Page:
2016 might become known as the ‘Year of Employment.’ If you’re an employer, you can expect to award bigger raises, hire more people, and adapt to a more flexible work environment this year. Developing technologies, startup trends, and economic considerations are all part of the reason the job market is heating up (and costs are proportionately rising).
But what is really driving the changes in hiring, salaries, and employment this year? We’ll outline the culprits to the rising costs below.
You may be giving bigger raises.
Raises in the last few years haven’t been remarkably high or low. This year is different. On average, employees this year will receive their biggest raise in 3 years. According to Korn Ferry Hay Group’s 2016 Salary Forecast, real wages (average increases that are adjusted for inflation) will rise 2.5%. Other studies showed figures from 3.4%-4.5%.
In any case, raises will be expected this year, and you’ll be in the financial position to do it as long as you plan for the raises and make adjustments as needed. If you can’t afford raises like these, consider hiring office help part-time or on a contract basis.
Health care might be more expensive.
This might be something your business has already been dealing with, and the trend isn’t changing this year. Health care costs are projected to increase by around 4.5% in 2016, even after accounting for benefits changes in efforts to combat the increases.
Most employers will find themselves passing on at least some of this cost to employees, and that’s understandable. Don’t pass on too much though–there will be aggressive competition for talent this year, so holding on to the employees you’ve got is especially important. You don’t want to lose your best employee over a small adjustment for your cost increases.
Wellness initiatives cost more upfront.
Because of rising healthcare costs, many businesses are now asking their employees to participate in wellness programs and initiatives. These programs are designed to help staff maintain general health and ensure employees can achieve their best possible health level while working for the company, cutting down sick days, hospital visits, doctor’s office visits, and therefore saving healthcare costs in the long run.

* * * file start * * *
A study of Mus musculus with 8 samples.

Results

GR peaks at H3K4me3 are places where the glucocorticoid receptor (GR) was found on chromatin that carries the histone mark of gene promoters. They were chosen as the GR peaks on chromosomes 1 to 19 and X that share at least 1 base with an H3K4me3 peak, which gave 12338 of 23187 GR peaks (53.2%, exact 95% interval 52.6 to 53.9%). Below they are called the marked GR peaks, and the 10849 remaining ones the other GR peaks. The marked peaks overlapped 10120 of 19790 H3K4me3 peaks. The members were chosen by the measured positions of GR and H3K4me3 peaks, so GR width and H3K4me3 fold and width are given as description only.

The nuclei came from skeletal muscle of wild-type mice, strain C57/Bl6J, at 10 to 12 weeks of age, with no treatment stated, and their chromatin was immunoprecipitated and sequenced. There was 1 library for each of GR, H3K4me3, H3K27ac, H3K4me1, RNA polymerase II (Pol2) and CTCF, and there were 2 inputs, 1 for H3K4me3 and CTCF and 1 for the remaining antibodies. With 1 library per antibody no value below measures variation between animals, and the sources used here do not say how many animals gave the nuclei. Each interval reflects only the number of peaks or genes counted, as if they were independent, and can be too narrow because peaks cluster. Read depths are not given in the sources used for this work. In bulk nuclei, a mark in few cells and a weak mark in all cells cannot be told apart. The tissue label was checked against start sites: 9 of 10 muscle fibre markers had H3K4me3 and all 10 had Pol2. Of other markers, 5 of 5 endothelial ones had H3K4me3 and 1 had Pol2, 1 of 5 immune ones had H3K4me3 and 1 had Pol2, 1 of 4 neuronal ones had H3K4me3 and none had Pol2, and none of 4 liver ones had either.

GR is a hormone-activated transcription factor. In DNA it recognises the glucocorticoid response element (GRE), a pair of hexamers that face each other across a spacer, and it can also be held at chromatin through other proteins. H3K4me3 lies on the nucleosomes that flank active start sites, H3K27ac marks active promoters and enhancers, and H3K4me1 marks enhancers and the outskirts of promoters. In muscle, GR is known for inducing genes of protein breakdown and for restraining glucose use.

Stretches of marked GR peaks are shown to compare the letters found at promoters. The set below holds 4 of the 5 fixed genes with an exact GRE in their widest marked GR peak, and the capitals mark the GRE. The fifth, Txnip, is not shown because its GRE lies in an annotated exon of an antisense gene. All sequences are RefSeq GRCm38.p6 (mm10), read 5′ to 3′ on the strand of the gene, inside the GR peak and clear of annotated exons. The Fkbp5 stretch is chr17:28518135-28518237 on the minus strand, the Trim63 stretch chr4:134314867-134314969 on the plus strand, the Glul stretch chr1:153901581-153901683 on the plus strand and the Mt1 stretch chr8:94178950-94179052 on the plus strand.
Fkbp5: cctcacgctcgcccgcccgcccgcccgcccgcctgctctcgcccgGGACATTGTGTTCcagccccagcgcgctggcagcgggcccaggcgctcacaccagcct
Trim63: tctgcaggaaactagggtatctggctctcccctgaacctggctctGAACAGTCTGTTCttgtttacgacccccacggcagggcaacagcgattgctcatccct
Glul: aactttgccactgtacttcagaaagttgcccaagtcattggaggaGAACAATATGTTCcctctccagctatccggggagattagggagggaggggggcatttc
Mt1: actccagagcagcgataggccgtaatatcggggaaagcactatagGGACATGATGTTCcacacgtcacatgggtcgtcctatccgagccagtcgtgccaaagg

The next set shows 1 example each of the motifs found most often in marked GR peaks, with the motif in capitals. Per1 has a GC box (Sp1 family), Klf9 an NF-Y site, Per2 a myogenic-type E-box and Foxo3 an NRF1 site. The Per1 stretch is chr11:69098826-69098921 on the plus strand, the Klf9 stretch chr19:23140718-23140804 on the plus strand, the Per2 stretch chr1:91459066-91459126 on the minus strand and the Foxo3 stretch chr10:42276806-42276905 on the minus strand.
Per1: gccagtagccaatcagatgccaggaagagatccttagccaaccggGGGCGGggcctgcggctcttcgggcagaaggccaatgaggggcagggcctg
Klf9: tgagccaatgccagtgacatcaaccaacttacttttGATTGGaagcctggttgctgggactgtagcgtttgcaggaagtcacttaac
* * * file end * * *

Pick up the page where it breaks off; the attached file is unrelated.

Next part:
While this isn’t a necessary cost increase, it will be a smart one to make voluntarily. It costs a bit more to implement these initiatives up front, but over time, they will save your company money.
There’s more competition for top talent.
More employers will be hiring new talent this year, and they’re well aware of the higher salary expectations. Aggressive talent recruiting equals more competition for top talent, and top talent doesn’t come cheaply to begin with. If you can’t compete with what other employers are offering, you could find yourself losing your best employees or unable to attract the right level of talent for new positions.
A higher influx of millennials into the job market means there are a lot of “green” candidates in the job market today, but a high proportion of advanced degrees and specialized, often technological skill sets make this generation valuable to the workplace.
You’ll navigate flexible workplace changes.
Each year, employers allow employees to spend a little more time telecommuting, working remotely or virtually, or off-site. Research repeatedly shows that these ‘flexible’ work options are better for employees, result in higher productivity and higher levels of job satisfaction, and end up saving the company money. The more your employees work from home, the more money you save.
This is the year you’ll need to figure out an official plan for flexible work options and how you’ll navigate those in your company.
Rising costs due to bigger raises, higher healthcare costs, wellness initiatives, aggressive talent recruiting, and transitioning to a more flexible workplace will all affect businesses across the nation this year, including yours. What else are you expecting to change in employment this year? How are you planning on responding to the changes you’ll see in your business? We’d love to hear from you in the comments section.